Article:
Grindal lacked that firm faith in the supreme importance of uniformity and autocracy which enabled Whitgift to persecute with a clear conscience nonconformists whose theology was indistinguishable from his own.
He was educated in his native town and at Berlin, and after teaching in a private family became Privatdocent at Erlangen (184r) and then professor of theology at Zurich (1844).
His Christian Ethics, though diffuse, is perhaps the finest piece of Protestant theology under that title.
Above all, he broke with the prevalent view which regarded theology as essentially intellectual in its appeal and demonstrable by processes of exact logical deduction.
He entirely reformed the teaching of theology there, substituting the historical method of the German theologians for the antiquated Orthodox scholastic system.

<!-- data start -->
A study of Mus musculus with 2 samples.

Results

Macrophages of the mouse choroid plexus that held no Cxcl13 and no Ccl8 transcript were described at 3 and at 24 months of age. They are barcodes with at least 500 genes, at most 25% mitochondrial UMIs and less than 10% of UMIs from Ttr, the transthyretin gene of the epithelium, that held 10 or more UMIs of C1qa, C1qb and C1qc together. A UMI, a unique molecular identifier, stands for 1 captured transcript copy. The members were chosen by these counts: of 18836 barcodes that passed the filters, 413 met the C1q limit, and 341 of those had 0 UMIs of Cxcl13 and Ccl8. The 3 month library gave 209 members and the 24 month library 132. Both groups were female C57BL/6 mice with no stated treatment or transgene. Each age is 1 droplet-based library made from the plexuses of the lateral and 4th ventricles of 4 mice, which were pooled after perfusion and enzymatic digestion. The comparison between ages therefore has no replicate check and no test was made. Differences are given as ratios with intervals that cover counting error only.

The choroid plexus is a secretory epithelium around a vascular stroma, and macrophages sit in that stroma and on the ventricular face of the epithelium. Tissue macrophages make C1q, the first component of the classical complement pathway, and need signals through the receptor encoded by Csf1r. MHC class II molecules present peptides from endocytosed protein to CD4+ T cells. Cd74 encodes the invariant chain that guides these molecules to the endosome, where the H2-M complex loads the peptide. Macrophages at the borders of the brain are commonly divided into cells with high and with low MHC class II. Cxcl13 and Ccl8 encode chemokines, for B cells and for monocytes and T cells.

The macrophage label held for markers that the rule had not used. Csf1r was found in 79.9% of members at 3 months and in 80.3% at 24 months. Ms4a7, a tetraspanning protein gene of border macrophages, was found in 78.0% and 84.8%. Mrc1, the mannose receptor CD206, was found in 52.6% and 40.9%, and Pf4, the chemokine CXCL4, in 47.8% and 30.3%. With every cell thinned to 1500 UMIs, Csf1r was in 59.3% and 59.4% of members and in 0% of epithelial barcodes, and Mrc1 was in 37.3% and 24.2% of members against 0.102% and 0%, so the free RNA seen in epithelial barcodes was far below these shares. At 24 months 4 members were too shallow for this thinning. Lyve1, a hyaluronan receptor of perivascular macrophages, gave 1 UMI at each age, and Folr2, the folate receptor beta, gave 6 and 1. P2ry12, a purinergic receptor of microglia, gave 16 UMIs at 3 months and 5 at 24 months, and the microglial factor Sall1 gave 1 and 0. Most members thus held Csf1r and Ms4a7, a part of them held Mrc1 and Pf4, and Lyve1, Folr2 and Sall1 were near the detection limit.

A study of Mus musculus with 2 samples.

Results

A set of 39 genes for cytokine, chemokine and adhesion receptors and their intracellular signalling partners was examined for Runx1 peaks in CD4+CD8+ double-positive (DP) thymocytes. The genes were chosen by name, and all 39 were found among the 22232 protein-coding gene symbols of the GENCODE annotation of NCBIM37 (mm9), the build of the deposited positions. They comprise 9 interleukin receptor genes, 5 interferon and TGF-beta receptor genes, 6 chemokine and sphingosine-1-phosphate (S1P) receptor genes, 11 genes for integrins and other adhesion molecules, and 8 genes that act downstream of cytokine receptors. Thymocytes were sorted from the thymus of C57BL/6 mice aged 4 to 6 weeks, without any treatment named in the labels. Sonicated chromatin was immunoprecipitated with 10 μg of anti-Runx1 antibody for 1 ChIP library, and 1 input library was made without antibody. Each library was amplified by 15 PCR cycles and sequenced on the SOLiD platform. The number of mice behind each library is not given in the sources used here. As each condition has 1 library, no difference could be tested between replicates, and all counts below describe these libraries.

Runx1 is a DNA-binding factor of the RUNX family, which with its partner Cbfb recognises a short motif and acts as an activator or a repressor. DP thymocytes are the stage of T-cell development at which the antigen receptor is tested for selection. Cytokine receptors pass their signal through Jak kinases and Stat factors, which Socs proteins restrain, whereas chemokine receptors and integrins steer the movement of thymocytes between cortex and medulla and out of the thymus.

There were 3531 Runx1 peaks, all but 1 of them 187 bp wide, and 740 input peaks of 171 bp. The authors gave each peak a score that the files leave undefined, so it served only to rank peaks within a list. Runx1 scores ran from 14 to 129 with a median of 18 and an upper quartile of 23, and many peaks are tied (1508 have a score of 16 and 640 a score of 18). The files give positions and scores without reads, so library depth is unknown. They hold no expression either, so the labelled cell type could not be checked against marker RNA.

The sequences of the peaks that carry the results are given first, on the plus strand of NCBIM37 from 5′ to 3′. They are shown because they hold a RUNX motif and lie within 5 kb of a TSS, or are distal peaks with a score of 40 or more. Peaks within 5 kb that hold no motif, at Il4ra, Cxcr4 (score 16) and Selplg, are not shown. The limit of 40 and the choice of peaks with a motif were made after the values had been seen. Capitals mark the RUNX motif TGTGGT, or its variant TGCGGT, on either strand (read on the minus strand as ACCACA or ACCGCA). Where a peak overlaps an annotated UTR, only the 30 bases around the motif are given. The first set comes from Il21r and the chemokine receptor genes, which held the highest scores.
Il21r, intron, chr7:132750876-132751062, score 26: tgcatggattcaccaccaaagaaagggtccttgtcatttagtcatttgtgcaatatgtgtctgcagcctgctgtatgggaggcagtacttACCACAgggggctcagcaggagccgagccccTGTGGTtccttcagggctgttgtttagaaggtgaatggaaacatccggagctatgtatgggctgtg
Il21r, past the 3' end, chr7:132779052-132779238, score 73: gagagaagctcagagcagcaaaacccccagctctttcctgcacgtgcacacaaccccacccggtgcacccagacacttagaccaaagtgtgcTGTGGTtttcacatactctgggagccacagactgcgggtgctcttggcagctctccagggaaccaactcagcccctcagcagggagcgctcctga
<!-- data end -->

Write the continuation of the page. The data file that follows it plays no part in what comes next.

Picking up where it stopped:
A liberal and a corrservative theology (rationalist and orthodox) exist side by side within the churches, and while the latter clings to the theology of the 16th century, the former ventures to raise doubts about the truth of such a common and simple standard as the Apostles' Creed.
At the same time, the controversy with the Eastern Church over the adoration of images shows that the younger Western theology felt itself equal, if not superior to the Greek.
At the same time the Jews of the Dispersion had to some extent shaken off the exclusiveness of their old political relations and were prepared to compare and contrast their old territorial theology with cosmopolitan culture.
By an agreement made in 1907 the school of theology of Ursinus College (Collegeville, Pennsylvania; the theological school since 1898 had been in Philadelphia) and the Heidelberg Theological seminary (Tiffin, Ohio) united to form the Central Theological seminary of the German Reformed Church, which was established in Dayton in 1908.
The relationship of Talmudism to the Old Testament has been likened to that of Christian theology to the Gospels; the comparison, whether fitting or not, may at least enable one to understand the varying attitudes of Jewish thinkers to their ancient sources.